Estimated read time: 2-3 minutes
SALT LAKE CITY — Temperatures on Sunday and Monday broke former April records, and businesses are seeing the effects of it already.
Businesses and homeowners alike are suddenly aware of their air conditioners, much sooner than heating and cooling companies expected. Business owner David Strong went to turn on his office's air conditioning unit when the workday got warmer than normal and discovered the unit wouldn't work.
"We didn't think we'd be looking at air conditioning problems this early," Strong said.
He's getting new units put in, keeping companies like Neerings Plumbing & Heating, swamped.
"(We're getting) a lot of calls with no air conditioning," said owner of Neerings Plumbing & Heating Troy Neerings. "A lot of people want to get caught up on service that they procrastinated or postponed."
Weather-driven businesses like his welcome the heat, especially because the mild winter affected business.
It's been a warm winter, so the heating season didn't really take off like we hoped but we're so delighted to see an early warm summer.
–- Troy Neerings, business owner
"It's been a warm winter, so the heating season didn't really take off like we hoped but we're so delighted to see an early warm summer," Neerings said.
Produce growers, too, are happy about the heat.
Jack Wilbur, who works his family's orchard, picks a peach blossom from a tree. All their trees are in bloom, including typically late-blooming apple trees.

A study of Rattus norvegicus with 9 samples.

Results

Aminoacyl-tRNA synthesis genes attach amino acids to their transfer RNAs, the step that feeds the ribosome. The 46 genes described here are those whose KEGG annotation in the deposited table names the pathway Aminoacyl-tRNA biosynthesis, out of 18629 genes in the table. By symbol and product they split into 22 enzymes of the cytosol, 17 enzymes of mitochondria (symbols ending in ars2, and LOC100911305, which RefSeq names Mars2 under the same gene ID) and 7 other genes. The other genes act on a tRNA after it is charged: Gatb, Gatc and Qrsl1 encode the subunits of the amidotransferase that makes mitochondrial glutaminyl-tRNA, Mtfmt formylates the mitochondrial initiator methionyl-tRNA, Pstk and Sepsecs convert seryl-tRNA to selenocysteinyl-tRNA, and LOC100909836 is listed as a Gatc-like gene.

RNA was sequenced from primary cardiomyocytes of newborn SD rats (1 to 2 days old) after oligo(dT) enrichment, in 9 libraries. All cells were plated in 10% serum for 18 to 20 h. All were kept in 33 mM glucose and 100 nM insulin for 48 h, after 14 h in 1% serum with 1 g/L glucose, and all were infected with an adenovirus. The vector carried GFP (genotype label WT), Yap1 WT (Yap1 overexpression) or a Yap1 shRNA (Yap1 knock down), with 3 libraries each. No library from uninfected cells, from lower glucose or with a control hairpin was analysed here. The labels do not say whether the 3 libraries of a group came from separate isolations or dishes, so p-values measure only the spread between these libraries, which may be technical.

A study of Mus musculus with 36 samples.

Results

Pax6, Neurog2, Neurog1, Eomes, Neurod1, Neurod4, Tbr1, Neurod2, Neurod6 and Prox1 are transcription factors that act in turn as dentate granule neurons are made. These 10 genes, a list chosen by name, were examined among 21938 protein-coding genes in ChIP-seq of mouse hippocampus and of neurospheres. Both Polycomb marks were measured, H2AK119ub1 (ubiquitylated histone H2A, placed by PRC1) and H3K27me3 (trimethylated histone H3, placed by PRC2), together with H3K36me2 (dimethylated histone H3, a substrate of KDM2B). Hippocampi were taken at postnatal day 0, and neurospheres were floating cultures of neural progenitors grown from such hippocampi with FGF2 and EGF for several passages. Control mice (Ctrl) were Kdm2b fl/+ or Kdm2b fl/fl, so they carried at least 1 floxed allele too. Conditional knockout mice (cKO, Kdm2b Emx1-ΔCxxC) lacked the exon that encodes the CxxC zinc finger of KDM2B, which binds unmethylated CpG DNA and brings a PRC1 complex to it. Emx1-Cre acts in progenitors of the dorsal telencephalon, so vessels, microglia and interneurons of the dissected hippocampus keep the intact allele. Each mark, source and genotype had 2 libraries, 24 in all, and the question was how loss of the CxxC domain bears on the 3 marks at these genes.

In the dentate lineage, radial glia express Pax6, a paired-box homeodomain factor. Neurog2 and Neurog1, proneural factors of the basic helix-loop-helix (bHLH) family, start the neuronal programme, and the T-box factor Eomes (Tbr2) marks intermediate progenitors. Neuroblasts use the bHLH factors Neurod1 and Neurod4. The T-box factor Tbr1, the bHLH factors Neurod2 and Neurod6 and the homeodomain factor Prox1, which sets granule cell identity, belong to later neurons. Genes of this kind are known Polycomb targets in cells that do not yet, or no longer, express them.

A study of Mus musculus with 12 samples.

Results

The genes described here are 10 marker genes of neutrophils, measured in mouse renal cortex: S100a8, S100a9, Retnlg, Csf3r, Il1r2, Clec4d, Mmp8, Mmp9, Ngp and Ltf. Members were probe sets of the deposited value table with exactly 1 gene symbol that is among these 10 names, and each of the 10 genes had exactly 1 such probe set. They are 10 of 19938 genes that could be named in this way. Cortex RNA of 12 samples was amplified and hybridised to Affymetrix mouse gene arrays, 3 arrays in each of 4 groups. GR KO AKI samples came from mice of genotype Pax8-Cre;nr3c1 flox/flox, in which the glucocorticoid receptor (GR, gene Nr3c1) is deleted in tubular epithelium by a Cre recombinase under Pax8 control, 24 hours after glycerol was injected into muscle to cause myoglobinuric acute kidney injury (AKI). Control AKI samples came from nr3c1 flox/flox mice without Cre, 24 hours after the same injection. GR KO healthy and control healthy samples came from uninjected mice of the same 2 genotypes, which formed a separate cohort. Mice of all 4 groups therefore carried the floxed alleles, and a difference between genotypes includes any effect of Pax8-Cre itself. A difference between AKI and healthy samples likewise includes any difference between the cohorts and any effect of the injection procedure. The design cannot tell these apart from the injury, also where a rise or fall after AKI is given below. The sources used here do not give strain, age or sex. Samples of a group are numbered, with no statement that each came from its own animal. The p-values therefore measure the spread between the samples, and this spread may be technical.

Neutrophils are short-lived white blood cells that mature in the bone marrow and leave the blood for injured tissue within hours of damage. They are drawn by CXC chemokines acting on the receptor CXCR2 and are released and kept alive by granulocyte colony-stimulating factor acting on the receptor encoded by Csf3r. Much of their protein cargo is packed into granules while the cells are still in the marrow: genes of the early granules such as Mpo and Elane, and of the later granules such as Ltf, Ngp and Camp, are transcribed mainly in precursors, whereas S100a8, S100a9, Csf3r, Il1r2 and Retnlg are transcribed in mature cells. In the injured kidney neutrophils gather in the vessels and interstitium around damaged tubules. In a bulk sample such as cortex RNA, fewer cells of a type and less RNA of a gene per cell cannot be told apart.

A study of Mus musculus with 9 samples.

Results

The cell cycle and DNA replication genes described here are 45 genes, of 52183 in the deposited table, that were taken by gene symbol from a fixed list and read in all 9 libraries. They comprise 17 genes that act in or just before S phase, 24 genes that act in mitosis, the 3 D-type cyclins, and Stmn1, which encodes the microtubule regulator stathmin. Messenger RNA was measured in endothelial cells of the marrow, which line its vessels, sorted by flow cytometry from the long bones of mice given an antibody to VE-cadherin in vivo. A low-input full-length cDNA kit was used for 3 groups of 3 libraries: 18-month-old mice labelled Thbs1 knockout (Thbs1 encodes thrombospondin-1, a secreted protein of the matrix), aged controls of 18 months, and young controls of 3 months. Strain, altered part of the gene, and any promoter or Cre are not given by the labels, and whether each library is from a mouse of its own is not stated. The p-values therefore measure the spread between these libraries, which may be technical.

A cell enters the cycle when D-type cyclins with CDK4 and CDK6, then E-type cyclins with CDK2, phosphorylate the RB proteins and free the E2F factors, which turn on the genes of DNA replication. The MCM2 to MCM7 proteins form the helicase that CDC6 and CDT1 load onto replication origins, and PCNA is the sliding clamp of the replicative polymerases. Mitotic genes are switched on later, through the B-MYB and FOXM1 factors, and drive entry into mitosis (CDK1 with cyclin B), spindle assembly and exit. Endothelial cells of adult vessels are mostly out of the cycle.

The summer fruits are coming in a couple of weeks early.
"Everything (is blooming): from the apricots and the cherries, right to the peaches and the apples, which are later season fruits," Wilbur, of 3 Squares Produce Farms said.
With the rollercoaster weather, he's concerned about the potential for frost. Still, conditions are better than last year.
"Last year, it was well after the Fourth of July before people got cherries, and our cherries completely froze," he said.
Tomatoes could be picked earlier than normal this year too. He'll plant his tomatoes this week, which could be a bumper crop.
"So you'll probably get more tomatoes in a year like this, if it continues to be nice and warm."
Temperatures are expected to drop into the 50s Friday, moving back up into the lower 60s over the weekend.